It has been over 100 years since the sinking of the Titanic, but new information is still being revealed about the tragedy.
In a documentary called ‘Titanic: The New Evidence,’ that aired recently on UK’s Channel 4, journalist Senan Molony points out that a fire in a ship’s bunker played a far greater role in its demise than previously believed, reports the Telegraph.
As part of his analysis, Molony says he studied photographs which show black marks on the ship. Pictures suggested the location of the fire that started burning before the Titanic took off for its journey and weakened the hull prior to the collision with the iceberg.
Dr. Robert Ballard, best known for his discovery of the Titanic, is speaks at the Mystic Aquarium Institute for Exploration, Friday, Dec. 3, 2004, in Mystic, Conn. Items from Ballard’s third expedition to the Titanic, are included in the exhibit, “Titanic, the Return to Titanic,” which follows the Titanic from its launch in 1912 through its current condition. (AP Photo/Michelle McLoughlin)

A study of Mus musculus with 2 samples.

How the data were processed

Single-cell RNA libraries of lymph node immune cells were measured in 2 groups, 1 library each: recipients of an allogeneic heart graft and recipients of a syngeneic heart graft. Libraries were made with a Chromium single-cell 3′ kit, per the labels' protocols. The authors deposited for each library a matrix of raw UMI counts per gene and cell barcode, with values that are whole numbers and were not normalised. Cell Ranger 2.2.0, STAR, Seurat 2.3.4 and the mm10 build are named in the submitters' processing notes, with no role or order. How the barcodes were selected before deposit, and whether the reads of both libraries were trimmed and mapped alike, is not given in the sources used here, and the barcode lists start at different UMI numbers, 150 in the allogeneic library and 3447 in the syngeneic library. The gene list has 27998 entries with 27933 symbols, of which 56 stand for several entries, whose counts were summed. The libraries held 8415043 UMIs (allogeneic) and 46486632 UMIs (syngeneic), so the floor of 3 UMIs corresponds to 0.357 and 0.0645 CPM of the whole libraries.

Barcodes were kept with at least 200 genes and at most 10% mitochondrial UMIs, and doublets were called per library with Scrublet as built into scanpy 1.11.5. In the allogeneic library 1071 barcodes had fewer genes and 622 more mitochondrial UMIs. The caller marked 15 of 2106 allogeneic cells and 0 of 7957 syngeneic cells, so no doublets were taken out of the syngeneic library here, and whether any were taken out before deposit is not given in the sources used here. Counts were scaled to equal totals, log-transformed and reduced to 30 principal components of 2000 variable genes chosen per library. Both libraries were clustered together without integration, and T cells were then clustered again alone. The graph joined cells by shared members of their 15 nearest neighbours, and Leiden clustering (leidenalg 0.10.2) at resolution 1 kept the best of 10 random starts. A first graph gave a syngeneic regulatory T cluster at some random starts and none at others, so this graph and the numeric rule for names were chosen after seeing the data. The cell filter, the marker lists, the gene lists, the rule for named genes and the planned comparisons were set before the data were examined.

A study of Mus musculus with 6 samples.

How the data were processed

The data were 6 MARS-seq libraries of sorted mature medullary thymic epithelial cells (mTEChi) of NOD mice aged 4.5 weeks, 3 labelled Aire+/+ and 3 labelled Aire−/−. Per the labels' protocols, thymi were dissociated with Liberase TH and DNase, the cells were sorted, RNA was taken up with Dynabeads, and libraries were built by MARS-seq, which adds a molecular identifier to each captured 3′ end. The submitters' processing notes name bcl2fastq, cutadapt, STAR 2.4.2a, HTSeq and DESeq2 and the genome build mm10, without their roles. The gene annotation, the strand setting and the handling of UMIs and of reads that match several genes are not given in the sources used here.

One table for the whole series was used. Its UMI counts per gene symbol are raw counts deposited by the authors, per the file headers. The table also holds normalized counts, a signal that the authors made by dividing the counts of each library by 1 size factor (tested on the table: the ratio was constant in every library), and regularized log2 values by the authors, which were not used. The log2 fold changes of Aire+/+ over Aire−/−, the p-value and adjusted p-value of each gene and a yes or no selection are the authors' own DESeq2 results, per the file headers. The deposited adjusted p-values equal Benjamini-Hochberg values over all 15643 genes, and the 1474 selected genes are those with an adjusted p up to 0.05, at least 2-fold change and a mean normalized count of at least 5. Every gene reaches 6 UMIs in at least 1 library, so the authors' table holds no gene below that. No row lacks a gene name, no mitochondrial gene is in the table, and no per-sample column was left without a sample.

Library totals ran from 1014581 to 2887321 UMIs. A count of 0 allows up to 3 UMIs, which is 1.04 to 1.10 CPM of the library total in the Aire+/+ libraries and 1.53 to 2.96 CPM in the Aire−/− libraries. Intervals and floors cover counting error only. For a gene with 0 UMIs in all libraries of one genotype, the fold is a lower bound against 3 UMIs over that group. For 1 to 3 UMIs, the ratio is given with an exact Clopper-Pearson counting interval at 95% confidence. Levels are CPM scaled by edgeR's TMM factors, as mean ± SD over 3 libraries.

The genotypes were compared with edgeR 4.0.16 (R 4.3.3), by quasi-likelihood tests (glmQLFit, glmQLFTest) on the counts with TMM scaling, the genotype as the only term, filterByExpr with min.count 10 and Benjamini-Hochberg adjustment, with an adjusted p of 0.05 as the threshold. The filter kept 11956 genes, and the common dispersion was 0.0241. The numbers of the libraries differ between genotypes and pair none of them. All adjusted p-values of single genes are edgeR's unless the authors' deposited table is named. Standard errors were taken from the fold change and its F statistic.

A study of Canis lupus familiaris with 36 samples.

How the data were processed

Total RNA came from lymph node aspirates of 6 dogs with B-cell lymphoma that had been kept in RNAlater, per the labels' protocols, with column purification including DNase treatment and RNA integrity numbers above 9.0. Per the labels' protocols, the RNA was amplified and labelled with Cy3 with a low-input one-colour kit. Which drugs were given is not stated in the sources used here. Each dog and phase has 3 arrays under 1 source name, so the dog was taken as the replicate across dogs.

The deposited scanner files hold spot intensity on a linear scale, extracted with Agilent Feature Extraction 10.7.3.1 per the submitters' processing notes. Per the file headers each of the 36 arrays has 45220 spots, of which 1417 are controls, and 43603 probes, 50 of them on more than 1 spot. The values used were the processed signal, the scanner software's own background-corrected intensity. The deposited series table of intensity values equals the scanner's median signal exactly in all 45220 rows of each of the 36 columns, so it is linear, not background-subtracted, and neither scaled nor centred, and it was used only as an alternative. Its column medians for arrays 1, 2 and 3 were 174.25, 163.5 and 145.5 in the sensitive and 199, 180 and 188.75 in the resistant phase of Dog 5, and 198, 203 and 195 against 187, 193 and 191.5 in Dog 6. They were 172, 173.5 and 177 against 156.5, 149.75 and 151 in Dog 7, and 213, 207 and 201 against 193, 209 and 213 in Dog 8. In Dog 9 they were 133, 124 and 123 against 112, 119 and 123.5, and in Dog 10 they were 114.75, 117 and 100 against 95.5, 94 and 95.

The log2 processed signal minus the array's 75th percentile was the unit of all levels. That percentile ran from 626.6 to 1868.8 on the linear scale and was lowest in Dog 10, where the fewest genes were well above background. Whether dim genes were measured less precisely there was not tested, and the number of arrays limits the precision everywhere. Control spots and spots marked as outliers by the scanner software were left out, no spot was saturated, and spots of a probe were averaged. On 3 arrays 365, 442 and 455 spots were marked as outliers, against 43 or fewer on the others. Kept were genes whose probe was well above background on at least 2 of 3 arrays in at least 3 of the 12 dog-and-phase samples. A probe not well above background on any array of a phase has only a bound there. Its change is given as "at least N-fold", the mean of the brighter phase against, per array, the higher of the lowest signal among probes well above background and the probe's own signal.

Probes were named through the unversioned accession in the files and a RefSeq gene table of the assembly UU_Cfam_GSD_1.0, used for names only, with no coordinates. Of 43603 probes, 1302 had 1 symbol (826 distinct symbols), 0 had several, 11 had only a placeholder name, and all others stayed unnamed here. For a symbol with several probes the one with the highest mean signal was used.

Molony told the Times, “The official Titanic inquiry branded [the sinking] as an act of God. This isn’t a simple story of colliding with an iceberg and sinking. It’s a perfect storm of extraordinary factors coming together: fire, ice and criminal negligence.”
He added, “We have metallurgy experts telling us that when you get that level of temperature against steel it makes it brittle, and reduces its strength by up to 75 percent. The fire was known about…but it was played down…”
Jalopnik points out, “Near that bunker is where the iceberg tore the biggest hole in the ship on its maiden voyage…”
More than 1,500 people were killed when the Titanic sank on April 14, 1912.
In March last year, scientists announced new details about the iceberg that caused the luxury ship to go down.
According to Grant Bigg with Sheffield University in the U.K., the iceberg is thought to have been around 100,000 years old.